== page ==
Main definitions of loco in English

: loco1loco2

loco1

Translate loco into Spanish

nounplural noun locos

informal British
  • A locomotive.

    • ‘Britain's most famous steam loco’
    • ‘loco sheds’

Pronunciation

loco

/ˈlōkō/ /ˈloʊkoʊ/

Origin

Mid 19th century abbreviation.

Main definitions of loco in English

: loco1loco2

loco2

Translate loco into Spanish

adjective

informal
  • Insane; crazy.

    • ‘the fame and success made him go loco’
    • ‘Along with five equally loco Norwegians and a parrot, he survives on fish that literally hurl themselves on deck, meets up with a few sharks, and endures a beaching in Tahiti.’
    • ‘If true, this would not only be one of the most loco funding stories, but it gives more credence to the idea of a poker bubble, in which everyone and their mother is either playing poker or launching some kind of poker venture.’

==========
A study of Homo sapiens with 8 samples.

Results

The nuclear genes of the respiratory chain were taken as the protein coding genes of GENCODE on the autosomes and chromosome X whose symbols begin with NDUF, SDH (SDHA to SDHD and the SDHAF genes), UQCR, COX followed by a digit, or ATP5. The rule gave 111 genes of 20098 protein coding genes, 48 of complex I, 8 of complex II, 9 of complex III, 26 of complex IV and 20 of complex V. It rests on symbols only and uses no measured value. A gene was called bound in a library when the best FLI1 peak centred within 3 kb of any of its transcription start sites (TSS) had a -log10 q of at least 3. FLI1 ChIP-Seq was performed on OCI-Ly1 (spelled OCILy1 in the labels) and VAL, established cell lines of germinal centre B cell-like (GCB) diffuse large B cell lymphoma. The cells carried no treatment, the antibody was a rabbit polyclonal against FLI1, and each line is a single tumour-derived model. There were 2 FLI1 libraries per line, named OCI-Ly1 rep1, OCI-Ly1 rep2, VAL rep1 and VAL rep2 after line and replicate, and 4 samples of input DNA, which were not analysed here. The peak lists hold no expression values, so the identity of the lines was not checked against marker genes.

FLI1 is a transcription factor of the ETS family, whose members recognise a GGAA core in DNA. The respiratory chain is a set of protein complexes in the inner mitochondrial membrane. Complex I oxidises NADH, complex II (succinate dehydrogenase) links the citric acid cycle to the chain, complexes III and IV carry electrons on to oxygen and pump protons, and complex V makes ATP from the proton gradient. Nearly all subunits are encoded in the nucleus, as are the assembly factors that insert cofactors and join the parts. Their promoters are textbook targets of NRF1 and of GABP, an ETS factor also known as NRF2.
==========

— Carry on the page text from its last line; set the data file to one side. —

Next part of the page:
• ‘On the couch one evening, our loco analysand is seized by an uncontrollable passion for the ancient medico.’
    • ‘A haywire fembot goes loco at a square-dance; another gets post-coital mammary enlargement via remote control.’
    • ‘It proves that too much sun makes you loco - but in the nicest way.’
    mad, insane, out of one's mind, deranged, demented, not in one's right mind, crazed, lunatic, non compos mentis, unbalanced, unhinged, unstable, disturbed, distracted, mad as a hatter, mad as a March hare, stark mad

Pronunciation

loco

/ˈlōkō/ /ˈloʊkoʊ/

Origin

Mid 19th century from Spanish, ‘insane’.